October 2, 2010
Of Transylvania and Dracula: 1800s
This is the image of the man who would become Dracula to many readers of the famous novel by the same name. Of course, Vlad lived many centuries before and he died in as equally infamous circumstances. He was apparently beheaded and his head was placed in a jar of honey to preserve it until it go to its ultimate destination the Sultan's palace in the heart of the Ottoman Empire (at the time, Wallachia where Vlad lived was a vassal state to the Ottoman Empire) Vlad himself was born in Transylvania, but not in this castle, which his character was made famous with.
Above is the beautiful and imposing Bran Castle, which Bram Stoker made famous in his Dracula Novel, yet it was under Hungarian rule during the time that Vlad was alive. Still ti later became the focal point for another famous figure of the twentieth Century, Queen Maria of Romania. She left the castle to one of her daughters children and at one point they wanted make it into a tourist attraction for Western tourists looking for "Dracula" there aren't many links to Vlad himself.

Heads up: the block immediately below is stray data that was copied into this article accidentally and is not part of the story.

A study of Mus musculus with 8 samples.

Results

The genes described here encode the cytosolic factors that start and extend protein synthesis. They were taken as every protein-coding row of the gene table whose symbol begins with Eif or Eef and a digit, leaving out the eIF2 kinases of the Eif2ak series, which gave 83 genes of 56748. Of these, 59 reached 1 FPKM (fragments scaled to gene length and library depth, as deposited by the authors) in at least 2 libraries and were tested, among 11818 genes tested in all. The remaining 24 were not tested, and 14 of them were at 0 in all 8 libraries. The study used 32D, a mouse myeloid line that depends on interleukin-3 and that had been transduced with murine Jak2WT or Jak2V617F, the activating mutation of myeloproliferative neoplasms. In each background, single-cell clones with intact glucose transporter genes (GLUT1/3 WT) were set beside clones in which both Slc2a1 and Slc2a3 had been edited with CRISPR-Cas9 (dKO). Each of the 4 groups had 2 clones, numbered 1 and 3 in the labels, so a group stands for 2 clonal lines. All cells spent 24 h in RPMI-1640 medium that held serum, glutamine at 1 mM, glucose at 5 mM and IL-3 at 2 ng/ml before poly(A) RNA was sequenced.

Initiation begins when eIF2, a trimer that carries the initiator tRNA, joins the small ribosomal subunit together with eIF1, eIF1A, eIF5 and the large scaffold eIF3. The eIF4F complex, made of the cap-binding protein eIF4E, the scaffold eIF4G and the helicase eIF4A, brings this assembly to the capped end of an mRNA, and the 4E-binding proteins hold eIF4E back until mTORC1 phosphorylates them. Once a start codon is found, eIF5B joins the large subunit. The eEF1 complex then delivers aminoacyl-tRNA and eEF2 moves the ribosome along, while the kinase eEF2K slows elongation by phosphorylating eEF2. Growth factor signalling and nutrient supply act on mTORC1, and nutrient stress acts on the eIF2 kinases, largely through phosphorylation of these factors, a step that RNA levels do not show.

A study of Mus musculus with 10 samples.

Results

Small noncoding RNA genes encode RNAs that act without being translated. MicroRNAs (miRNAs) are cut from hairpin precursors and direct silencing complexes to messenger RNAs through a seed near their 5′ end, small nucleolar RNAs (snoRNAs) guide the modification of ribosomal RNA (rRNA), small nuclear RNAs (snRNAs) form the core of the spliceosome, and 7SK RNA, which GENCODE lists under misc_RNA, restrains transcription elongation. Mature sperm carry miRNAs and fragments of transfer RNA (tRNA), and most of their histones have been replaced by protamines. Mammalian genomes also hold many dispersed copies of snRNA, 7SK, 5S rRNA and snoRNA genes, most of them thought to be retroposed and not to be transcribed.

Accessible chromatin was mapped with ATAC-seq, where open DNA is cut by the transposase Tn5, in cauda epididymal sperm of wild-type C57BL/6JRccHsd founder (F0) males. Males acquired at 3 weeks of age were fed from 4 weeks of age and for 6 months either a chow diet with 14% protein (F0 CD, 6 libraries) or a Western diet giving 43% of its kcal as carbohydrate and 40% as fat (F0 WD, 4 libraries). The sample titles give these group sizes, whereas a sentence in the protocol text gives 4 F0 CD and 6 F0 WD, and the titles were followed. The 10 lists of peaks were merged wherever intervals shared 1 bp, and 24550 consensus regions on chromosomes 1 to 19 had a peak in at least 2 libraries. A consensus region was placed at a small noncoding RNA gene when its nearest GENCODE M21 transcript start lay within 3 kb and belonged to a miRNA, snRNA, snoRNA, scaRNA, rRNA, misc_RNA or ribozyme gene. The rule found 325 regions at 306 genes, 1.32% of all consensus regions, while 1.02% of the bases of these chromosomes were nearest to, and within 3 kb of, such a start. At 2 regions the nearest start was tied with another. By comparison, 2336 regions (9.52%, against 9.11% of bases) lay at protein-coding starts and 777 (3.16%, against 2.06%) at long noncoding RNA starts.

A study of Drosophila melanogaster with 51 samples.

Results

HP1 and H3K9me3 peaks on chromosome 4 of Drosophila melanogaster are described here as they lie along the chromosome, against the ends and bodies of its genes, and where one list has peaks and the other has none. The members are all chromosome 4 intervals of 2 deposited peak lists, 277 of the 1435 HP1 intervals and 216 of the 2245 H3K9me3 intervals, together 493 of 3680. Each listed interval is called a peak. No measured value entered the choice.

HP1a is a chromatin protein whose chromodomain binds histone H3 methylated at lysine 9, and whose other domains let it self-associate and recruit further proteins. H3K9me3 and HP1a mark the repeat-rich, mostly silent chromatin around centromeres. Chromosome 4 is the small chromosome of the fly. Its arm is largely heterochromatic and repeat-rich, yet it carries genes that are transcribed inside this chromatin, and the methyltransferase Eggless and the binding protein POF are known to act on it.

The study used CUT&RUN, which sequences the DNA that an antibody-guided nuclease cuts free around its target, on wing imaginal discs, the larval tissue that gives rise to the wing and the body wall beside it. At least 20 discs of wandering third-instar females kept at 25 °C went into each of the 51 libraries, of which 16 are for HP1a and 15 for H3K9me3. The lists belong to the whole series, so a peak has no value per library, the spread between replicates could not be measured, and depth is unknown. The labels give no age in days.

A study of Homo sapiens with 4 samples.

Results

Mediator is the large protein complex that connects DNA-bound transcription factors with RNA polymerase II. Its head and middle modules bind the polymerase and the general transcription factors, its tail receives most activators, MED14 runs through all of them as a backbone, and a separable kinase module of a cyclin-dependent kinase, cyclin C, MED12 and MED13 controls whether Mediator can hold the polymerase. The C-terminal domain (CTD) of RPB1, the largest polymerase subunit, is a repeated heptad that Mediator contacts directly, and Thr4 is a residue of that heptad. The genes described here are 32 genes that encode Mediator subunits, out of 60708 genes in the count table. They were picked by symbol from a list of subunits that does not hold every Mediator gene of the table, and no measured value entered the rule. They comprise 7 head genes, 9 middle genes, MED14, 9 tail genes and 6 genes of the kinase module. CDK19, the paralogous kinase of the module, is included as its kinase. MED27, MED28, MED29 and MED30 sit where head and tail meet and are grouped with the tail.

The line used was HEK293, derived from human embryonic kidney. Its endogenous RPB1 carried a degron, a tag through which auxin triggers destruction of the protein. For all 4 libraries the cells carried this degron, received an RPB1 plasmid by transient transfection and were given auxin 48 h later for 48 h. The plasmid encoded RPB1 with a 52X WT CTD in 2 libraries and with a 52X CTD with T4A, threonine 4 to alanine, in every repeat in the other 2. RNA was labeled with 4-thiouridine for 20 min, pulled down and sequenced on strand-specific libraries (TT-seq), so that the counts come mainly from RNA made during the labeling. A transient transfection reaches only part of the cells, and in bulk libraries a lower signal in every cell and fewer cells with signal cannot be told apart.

Finally, a map of the area during the 1800 to give an idea of Hungary and Transylvania and the nearby states which would become Romania in the late 1800s. No, unlike his counterpart in Dracula, Vlad really used Transylvania as a bolt hole when things got rough. Wallachia, the state which Vlad was a prince would join with another to begin the country known as Romania. Romania, when it was formed would be a princedom, and then a Kingdom.
It was not until much later that he was killed and as legend has it, had his head sent in a honey jar to the Sultan of the Ottoman Empire.